Published: 17th Feb, 2020

Some 24 countries apart from China have registered cases of the coronavirus, now officially named Covid-19. None of them is in Africa, despite the increasingly tight links between the two regions.


Some 24 countries apart from China have registered cases of the coronavirus, now officially named Covid-19. None of them is in Africa, despite the increasingly tight links between the two regions.


  • Coronaviruses (CoV) are a large family of viruses that cause illness ranging from the common cold to more severe diseases such as Middle East Respiratory Syndrome (MERS-CoV)and Severe Acute Respiratory Syndrome (SARS-CoV). 
  • A novel coronavirus (nCoV)is a new strain that has not been previously identified in humans.  

Chinese in Africa:

  • About 2 million Chinese live and work on the African continent.
  • Africans are also increasingly visiting China for business and study.
  • Before the novel coronavirus outbreak — which is centred on China’s Hubei region and its provincial capital of Wuhan — about eight flights a day operated between China and African nations.
  • Chinese travellers made up the biggest group of customers on Ethiopian Airlines, Africa’s largest carrier.
  • This booming travel between China and Africa is a possible route for transmission of the new coronavirus, which has killed 1,369 people and infected 46,997 globally, according to the latest WHO figures.

Limited testing

  • A simple explanation could be that the continent simply hasn’t had the ability to detect cases up until now.
  • As of late last week, only two African countries — Senegal and South Africa — had laboratories capable of testing and confirming samples for the virus.
  • This situation has changed. Medical teams from more than a dozen African countries met in Senegal last week to learn how the diagnose the new virus.
  • Now 19 African nations are able to test for Covid-19, including Nigeria, Gabon, Cameroon, Ethiopia, Kenya, Zambia and Sierra Leone.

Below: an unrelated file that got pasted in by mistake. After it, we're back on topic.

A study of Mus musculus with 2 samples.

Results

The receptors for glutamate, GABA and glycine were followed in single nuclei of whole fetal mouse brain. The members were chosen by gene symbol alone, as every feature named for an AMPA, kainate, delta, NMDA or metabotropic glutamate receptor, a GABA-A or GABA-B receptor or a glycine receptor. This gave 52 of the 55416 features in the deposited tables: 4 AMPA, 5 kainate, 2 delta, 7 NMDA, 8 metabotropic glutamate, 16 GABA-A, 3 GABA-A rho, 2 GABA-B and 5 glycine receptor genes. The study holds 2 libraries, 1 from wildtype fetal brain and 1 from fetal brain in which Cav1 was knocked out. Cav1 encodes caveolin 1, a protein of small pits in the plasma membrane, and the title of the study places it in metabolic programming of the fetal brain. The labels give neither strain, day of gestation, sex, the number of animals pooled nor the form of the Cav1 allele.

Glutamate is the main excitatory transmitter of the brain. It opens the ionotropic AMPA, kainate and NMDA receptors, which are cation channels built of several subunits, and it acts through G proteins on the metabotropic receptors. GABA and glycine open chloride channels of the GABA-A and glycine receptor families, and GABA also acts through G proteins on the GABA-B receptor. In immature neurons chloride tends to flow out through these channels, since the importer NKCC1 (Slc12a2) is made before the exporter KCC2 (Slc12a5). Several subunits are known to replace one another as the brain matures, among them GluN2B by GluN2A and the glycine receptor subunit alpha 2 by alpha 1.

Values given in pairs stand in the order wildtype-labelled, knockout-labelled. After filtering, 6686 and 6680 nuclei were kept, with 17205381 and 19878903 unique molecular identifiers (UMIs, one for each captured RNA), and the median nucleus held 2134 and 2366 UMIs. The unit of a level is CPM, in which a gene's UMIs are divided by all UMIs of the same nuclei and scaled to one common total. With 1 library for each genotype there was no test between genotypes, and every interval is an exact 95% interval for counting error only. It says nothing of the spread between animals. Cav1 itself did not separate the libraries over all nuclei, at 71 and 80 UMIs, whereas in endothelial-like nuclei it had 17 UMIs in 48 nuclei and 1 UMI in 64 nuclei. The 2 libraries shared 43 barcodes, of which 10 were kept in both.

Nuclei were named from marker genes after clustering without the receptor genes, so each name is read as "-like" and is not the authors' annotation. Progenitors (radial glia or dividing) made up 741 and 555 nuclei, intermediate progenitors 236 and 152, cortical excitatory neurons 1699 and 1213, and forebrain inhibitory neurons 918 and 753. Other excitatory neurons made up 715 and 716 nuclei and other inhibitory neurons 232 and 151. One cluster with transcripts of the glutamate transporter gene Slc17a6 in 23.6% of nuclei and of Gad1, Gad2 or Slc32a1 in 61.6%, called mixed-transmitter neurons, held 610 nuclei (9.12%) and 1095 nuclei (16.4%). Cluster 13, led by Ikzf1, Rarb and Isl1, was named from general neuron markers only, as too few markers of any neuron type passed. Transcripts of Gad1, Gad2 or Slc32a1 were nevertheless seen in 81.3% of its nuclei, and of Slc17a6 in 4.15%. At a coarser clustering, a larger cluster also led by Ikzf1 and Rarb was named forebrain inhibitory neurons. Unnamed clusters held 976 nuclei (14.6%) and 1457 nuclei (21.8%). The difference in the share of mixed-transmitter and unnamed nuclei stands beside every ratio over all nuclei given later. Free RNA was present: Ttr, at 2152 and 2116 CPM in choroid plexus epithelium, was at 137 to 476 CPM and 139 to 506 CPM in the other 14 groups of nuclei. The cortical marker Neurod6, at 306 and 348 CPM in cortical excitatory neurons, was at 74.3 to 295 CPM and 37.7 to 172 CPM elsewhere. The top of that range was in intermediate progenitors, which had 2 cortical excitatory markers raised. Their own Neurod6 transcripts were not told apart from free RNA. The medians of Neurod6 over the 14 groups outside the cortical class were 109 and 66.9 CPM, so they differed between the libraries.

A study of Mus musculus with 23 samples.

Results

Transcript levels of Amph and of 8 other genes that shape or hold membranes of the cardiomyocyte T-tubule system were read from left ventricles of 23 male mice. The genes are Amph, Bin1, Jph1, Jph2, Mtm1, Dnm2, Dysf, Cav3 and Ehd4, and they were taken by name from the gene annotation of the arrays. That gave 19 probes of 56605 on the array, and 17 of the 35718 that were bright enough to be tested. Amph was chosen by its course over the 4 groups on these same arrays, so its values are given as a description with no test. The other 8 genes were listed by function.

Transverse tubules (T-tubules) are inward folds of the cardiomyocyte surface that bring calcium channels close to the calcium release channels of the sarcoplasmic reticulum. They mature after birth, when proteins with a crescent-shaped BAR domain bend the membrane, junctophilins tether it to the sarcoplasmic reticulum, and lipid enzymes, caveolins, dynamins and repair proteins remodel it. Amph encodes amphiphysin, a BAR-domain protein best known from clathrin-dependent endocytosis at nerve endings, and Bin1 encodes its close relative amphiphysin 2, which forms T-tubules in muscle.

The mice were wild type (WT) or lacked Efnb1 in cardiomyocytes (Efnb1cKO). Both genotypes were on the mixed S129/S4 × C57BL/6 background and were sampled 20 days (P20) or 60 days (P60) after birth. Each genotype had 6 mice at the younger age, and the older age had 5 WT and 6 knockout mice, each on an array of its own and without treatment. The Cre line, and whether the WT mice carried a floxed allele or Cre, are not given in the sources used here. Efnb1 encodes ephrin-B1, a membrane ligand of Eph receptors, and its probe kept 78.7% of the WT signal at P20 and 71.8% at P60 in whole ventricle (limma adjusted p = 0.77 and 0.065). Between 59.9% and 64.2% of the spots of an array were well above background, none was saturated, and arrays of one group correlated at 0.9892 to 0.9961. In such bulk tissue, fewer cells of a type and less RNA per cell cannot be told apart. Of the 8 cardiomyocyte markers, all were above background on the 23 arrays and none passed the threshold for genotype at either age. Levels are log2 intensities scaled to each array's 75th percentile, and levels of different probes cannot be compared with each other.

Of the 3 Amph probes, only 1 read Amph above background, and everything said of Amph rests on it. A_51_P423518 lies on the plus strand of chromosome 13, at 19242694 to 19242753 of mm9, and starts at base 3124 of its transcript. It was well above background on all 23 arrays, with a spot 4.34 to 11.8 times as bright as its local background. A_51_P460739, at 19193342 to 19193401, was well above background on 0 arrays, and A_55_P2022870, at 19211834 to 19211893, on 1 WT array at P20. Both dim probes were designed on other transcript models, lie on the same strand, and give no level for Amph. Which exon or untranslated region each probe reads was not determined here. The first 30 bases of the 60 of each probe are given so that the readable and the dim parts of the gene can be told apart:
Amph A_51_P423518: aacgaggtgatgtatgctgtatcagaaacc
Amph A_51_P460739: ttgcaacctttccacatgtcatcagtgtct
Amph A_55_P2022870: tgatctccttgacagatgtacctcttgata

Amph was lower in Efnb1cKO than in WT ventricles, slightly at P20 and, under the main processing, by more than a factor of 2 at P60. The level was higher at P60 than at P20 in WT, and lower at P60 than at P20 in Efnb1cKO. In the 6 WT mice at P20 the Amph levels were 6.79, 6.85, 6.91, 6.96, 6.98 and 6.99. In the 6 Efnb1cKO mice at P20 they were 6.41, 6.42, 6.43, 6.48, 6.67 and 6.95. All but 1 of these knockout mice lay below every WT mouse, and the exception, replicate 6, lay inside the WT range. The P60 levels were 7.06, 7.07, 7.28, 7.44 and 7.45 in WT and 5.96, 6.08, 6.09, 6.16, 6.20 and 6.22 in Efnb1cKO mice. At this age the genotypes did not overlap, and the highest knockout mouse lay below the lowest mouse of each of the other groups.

• The World Health Organization (WHO) has also identified 13 priority countries in Africa with strong links to China and told DW it has dispatched experts to eight of these to help coordinate preparedness efforts.
  • The priority countries have all introduced screenings at airports, as well as some seaports, according to the WHO.
  • In Sierra Leone, more than 30 Chinese who arrived from China last week are under quarantine in Freetown.

Too warm for COVID-19?

  • Another theory is that the continent is too warm for the Covid-19 virus to thrive.
  • Coronaviruses, which include some of the viruses responsible for the common cold and flu, can show something called seasonality — that is, the peak and wane depending on the season.
  • Many cold and flu viruses peak in winter, for example; the droplets sneezed and coughed out by people spread more easily in winter’s cold dry air and when people are crowded inside together.
  • They then die down in warmer weather.
  • “When the season is warmer and more humid, the droplets transmitting the [flu virus] tend to fall out of the air more quickly, therefore limiting its transmission.
  • Tropical countries aren’t immune from seasonality, with flu peaking in the dry season in countries like Cameroon.
  • However, not all coronaviruses spread through respiratory droplets and Boum cautions that it is too early to tell if Covid-19 is transmitted in a similar fashion.

‘Doubt a big outbreak in Africa’

  • But even if the coronavirus makes its way to Africa, It doesn’t believe the continent will be as hard hit as China.
  • Droplet diseases don’t seem to be as big an issue in Africa. SARS, a respiratory disease that is also a coronavirus, spread through 26 countries in 2003 but failed to gain a hold in Africa.
  • Influenza epidemics are also less intense on the continent.
  • In addition, in Africa people generally don’t live crammed together in such densely populated areas and they also spend a lot more time out-of-doors in Africa than they do in northern countries.